What To Read In A Mutual Fund Factsheet

  • 30 Aug 2023
  • Read 6 mins read

Reading between the lines of fund factsheets

If you are invested in a mutual fund, the fund factsheet published by the AMC each month is a veritable source of information and insights for any investor. Every investor must necessarily check out the mutual fund fact sheet and look for insights. The million-dollar question is what should investors look for in a mutual fund factsheet. It can be quite intimidating with the mountains of data on each specific fund. Remember, the Fund Fact Sheet is a goldmine of information to help you understand the fund and scheme. 

 

What to look for in an equity fund factsheet

Your starting point is the equity market outlook and the CIO commentary. It tells you about the thinking of the fund and the people who drive decisions. Next, look at the portfolio of stocks owned by the fund and focus on the sector mix theme mix. Be wary of too much exposure to factors like interest rates and inflation. The factsheet also presents returns analysis in detail, so look at the fund returns in different ways. Don’t obsess with monthly and quarterly returns. Ideally, focus on 3-5 year returns and tabulate on a rolling quarterly basis to understand the level of consistency.

Check for the Sharpe and Treynor ratio as they tell you if the fund manager is taking too much risk. A return of 16% with 10% volatility is good but 18% returns with 40% volatility is insane. The Sharpe Ratio of the fund tells you about such risk-adjusted returns. Look at the total expense ratio (TER), since larger funds have lower TER. This gets debited to the portfolio and reduces the NAV. Finally, check if the fund management team is stable. It ensures continuity and consistency in fund strategy. Such fund teams normally happen to be in sync.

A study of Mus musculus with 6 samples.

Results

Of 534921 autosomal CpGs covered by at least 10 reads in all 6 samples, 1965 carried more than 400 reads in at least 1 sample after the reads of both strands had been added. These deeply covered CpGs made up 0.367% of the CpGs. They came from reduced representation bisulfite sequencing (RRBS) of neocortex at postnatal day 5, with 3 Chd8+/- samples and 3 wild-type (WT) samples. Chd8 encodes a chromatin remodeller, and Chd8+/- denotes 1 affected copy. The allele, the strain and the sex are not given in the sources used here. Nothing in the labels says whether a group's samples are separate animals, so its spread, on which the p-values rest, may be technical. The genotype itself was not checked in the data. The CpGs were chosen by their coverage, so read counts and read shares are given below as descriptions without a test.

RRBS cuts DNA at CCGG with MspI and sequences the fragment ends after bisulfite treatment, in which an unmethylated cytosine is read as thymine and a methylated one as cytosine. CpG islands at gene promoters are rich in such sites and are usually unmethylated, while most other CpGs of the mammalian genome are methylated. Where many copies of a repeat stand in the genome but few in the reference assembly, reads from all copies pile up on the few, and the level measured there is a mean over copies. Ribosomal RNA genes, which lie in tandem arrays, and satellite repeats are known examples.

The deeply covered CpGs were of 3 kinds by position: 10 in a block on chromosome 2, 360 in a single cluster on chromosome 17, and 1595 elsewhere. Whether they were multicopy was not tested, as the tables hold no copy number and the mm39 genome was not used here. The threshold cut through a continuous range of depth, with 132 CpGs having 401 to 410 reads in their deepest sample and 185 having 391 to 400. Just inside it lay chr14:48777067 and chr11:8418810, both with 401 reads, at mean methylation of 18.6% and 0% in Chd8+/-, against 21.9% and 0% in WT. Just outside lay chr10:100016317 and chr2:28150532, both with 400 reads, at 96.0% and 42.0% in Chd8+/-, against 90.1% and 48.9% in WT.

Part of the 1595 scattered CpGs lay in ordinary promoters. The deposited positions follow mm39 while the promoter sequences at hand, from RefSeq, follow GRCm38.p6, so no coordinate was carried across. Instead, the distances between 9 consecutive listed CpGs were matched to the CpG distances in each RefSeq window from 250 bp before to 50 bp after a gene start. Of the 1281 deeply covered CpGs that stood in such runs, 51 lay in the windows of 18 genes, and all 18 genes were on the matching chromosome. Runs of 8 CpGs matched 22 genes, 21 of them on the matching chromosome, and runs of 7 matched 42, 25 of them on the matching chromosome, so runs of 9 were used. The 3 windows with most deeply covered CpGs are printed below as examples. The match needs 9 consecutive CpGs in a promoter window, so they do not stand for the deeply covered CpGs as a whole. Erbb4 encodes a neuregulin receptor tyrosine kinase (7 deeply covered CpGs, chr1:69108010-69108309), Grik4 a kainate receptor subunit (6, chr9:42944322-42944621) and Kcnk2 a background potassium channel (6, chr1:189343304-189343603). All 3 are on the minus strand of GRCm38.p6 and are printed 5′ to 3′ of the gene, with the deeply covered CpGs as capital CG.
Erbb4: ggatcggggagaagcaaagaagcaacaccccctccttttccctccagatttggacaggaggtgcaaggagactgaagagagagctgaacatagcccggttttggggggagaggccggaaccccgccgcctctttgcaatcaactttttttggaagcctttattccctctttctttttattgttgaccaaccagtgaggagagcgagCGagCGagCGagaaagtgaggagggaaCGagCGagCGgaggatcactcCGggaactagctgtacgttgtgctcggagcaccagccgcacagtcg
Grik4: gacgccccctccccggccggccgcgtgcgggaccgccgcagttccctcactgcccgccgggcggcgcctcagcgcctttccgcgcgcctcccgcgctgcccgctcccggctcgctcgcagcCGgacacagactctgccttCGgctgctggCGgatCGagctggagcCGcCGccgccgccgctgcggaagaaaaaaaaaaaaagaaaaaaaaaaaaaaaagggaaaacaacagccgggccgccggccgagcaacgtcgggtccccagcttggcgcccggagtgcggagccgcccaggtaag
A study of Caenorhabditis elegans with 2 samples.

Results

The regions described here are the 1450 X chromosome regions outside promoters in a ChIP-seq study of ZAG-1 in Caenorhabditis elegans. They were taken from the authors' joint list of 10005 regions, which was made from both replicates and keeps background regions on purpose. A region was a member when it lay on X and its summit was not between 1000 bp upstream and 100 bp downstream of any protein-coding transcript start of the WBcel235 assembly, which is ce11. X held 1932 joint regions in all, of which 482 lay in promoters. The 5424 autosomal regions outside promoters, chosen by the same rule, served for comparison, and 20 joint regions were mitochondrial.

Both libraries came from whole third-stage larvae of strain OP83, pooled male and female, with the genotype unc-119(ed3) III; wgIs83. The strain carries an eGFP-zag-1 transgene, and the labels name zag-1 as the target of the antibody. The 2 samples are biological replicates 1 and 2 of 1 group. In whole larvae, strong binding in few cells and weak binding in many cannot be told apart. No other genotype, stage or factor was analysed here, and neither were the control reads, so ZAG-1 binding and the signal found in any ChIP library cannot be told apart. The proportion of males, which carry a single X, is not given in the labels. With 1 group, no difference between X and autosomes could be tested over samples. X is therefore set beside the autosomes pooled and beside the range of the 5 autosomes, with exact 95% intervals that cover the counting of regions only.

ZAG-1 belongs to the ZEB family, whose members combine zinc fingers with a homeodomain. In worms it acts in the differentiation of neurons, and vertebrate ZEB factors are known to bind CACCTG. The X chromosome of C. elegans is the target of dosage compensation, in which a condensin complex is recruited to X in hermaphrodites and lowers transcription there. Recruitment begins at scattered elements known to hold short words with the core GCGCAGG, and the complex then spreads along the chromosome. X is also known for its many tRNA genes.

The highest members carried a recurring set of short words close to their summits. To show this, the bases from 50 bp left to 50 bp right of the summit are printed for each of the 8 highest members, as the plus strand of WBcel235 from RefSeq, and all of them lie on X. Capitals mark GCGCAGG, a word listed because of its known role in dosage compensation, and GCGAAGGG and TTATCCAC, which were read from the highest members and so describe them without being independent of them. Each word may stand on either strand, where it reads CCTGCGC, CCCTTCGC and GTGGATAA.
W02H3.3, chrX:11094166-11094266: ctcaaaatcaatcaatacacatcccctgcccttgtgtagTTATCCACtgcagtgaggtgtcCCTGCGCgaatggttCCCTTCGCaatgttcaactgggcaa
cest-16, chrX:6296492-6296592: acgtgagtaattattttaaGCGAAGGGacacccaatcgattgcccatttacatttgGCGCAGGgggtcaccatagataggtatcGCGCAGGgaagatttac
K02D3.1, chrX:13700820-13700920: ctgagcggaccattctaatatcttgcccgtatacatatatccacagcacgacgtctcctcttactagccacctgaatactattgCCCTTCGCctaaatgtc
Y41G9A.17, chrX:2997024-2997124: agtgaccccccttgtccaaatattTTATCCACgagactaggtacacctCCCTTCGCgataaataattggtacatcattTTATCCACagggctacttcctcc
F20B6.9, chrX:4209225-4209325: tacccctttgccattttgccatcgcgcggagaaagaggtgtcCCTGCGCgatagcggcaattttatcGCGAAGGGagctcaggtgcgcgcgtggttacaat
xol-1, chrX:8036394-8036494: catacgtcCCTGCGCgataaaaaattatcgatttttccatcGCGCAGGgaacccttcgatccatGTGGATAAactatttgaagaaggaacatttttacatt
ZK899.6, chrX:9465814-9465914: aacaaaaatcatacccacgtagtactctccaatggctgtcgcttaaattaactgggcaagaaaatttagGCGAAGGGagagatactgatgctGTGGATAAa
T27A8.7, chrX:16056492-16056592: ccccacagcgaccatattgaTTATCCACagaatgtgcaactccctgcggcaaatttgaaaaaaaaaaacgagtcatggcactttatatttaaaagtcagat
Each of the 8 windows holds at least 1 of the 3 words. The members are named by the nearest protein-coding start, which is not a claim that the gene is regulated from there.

What to look for in a hybrid fund factsheet

This is a rather homogeneous mix. If you are in a balanced fund, look at the consistency of the debt/equity mix. Too much of shifts are not too good. For Balanced Advantage Funds (BAF), see how discretion has been used in the past by benchmarking returns to the index. That is a good litmus test. Lastly, benchmark arbitrage returns with the rate of interest you can earn on a bank FD in the case of arbitrage funds. Be cautious if the turnover ratio is too high as it means higher costs and therefore lower returns on the arbitrage fund. In this case, look for short-term and long-term returns as a treasury product.

What to look for in a debt fund factsheet

Like in equity funds, the outlook of the CIO and past returns also matter. However, there are some unique points to look at here. In the factsheet of debt funds, focus on the bond mix in the portfolio and ensure that it is not too skewed in favour of AA-rated instruments that are intrinsically riskier. Check out the average maturity of the debt fund, which is nothing but the weighted average maturity period of all the bond holdings. 

Remember that the funds with higher average maturity are more vulnerable to spikes in interest rates. Finally, also look out for the duration of the overall bond portfolio. What do we understand by duration? It is the payback period of the fund, including interest pay-outs, and also measures the extent of sensitivity of the fund to interest changes. For instance, in a rising interest scenario, prefer short-duration funds, but opt for long-duration funds when rates are expected to fall.

What to look for in an index fund factsheet

Investors often wonder, what we need to look at in an index fund. After all, it is just reflecting the index. But still, you must look at the factsheet. The most important thing that the fact sheet for an index fund will disclose is the tracking error. The lower the tracking error; the better it is as it indicates that the fund is not digressing from the underlying index. For an index fund, positive or negative divergence is not good. One more thing to check out for an index fund is the R2 of the index fund. Now, R2 is the square of the correlation of the returns on the index fund to the returns on the index. Index funds must have R2 close to 1.

The key point is that the fund factsheet is a treasure trove of information and smart investors must read this factsheet to glean valuable insights.